A 1992 photo of Stacey Abrams, who is now the Democratic candidate for governor in Georgia, has resurfaced, showing Abrams ― who was in college at the time ― at a protest where students burned what was then Georgia’s state flag. The flag prominently featured the Confederate battle emblem, a symbol that has strong historical associations with racism and white supremacy.
In the photo ― originally from a 1992 Atlanta Journal-Constitution article, and republished in The New York Times on Monday ― a young Abrams stands with three other students burning the flag at the Georgia Capitol. The original Journal-Constitution story quotes one of the student protesters as saying, “We’re going to send Georgia’s racist past up in flames.”
As the New York Times article made the rounds on social media Monday and Tuesday, some criticized the Times for covering the matter on the eve of Abrams’ debate against Georgia Secretary of State Brian Kemp (R), her opponent in the governor’s race. (The New York Times article said the photo had “begun to emerge on social media.”)
At Tuesday night’s debate, Abrams addressed the panelists’ very first question to her, about her participation in the 1992 flag-burning protest, by saying she was a “very proud Georgian” and noting she went to college in Atlanta and came back after law school because she “wanted to help build my state.”
“Twenty-six years ago, I along with many other Georgians … were deeply disturbed by the racial divisiveness that was embedded in that state flag with the Confederate symbol,” Abrams said. “I took an action of peaceful protest. I said that was wrong.”
Many people on Twitter were quick to support Abrams’ participation in a protest during her college years, noting the Confederate symbol’s ties to Georgia’s and America’s racist history. Georgia’s flag was changed in 2001 to remove the Confederate emblem.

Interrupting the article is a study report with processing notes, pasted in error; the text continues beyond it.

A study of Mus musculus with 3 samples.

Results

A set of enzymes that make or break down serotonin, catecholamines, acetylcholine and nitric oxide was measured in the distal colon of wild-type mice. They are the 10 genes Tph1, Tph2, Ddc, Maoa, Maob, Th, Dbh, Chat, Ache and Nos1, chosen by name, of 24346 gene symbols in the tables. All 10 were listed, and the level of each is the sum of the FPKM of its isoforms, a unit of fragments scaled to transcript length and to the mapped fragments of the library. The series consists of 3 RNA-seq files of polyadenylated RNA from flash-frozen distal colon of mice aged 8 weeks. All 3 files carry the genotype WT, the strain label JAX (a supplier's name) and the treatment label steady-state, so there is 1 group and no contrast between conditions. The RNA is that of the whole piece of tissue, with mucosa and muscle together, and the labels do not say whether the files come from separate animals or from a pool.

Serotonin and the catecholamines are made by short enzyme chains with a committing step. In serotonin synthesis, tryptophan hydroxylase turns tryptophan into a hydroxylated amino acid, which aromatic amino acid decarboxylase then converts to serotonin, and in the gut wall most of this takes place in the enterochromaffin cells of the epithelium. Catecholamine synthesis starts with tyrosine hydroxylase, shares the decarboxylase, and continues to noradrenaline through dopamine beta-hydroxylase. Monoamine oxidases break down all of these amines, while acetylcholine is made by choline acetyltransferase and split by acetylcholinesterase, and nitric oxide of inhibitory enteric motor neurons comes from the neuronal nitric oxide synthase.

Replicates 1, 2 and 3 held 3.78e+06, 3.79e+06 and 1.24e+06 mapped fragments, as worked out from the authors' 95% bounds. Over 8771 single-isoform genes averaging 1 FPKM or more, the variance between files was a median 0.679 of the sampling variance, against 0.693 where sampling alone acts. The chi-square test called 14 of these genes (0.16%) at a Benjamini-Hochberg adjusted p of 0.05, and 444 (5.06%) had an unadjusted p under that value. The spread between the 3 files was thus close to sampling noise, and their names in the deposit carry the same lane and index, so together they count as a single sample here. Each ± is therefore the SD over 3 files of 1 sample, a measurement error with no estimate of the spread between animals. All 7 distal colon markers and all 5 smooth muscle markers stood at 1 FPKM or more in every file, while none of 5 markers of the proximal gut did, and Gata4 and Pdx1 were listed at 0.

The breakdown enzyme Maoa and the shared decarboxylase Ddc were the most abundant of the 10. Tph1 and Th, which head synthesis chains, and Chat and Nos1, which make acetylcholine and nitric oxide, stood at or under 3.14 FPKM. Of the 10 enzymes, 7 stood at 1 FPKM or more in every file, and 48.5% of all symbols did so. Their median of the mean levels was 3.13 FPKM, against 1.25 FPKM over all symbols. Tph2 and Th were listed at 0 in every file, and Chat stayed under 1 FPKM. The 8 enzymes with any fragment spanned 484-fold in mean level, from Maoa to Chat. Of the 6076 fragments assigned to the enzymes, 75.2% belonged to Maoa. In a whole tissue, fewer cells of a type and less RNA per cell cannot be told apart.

Abrams’ campaign said in a statement that Abrams in 1992 “was involved with a permitted, peaceful protest against the confederate emblem in the flag.”
At the time, the state was “at a crossroads, struggling with how to overcome racially divisive issues, including symbols of the confederacy,” the campaign said. There was a broader movement, including efforts by students and prominent groups, seeking to remove the Confederate symbol from Georgia’s flag.
The state flag that Abrams was protesting had been redesigned in 1956 to include the Confederate emblem. The redesign was a response to the Brown v. Board of Education decision two years earlier to end racial segregation in schools, according to a 2000 paper from the Georgia state Senate research office.
In recent years, there has been widespread debate over Confederate symbols, and people have protested monuments to the Confederacy nationwide. Some of those monuments were subsequently taken down. During the Civil War, Confederate Southern states fought to uphold the enslavement of African-Americans.
Last year, Abrams called for the removal of Confederate war leaders on the face of Georgia’s Stone Mountain, which is owned by the state. She wrote on Twitter: “We must never celebrate those who defended slavery and tried to destroy the union.” Kemp in turn posted on Facebook that if elected governor, he would “protect Stone Mountain and historical monuments in Georgia from the radical left.”
The Georgia governor’s race has also made national headlines in recent weeks as issues of voting rights have surfaced. The Associated Press reported earlier this month that over 53,000 voter applications ― nearly 70 percent of them from black people ― were on hold for verification with Kemp’s office. As secretary of state, Kemp oversees elections in the state.
After the AP report came out, civil rights groups sued Georgia in federal court over the process to verify new voter registrations, saying it was unreliable and discriminatory. Abrams has accused her opponent of voter suppression, and her campaign reportedly called for Kemp to resign as the state’s election chief. Kemp has denied purging the voter rolls of people of color, saying the state’s policy amounts to routine voter roll maintenance.
The story has been updated with Abrams’ comments during the debate.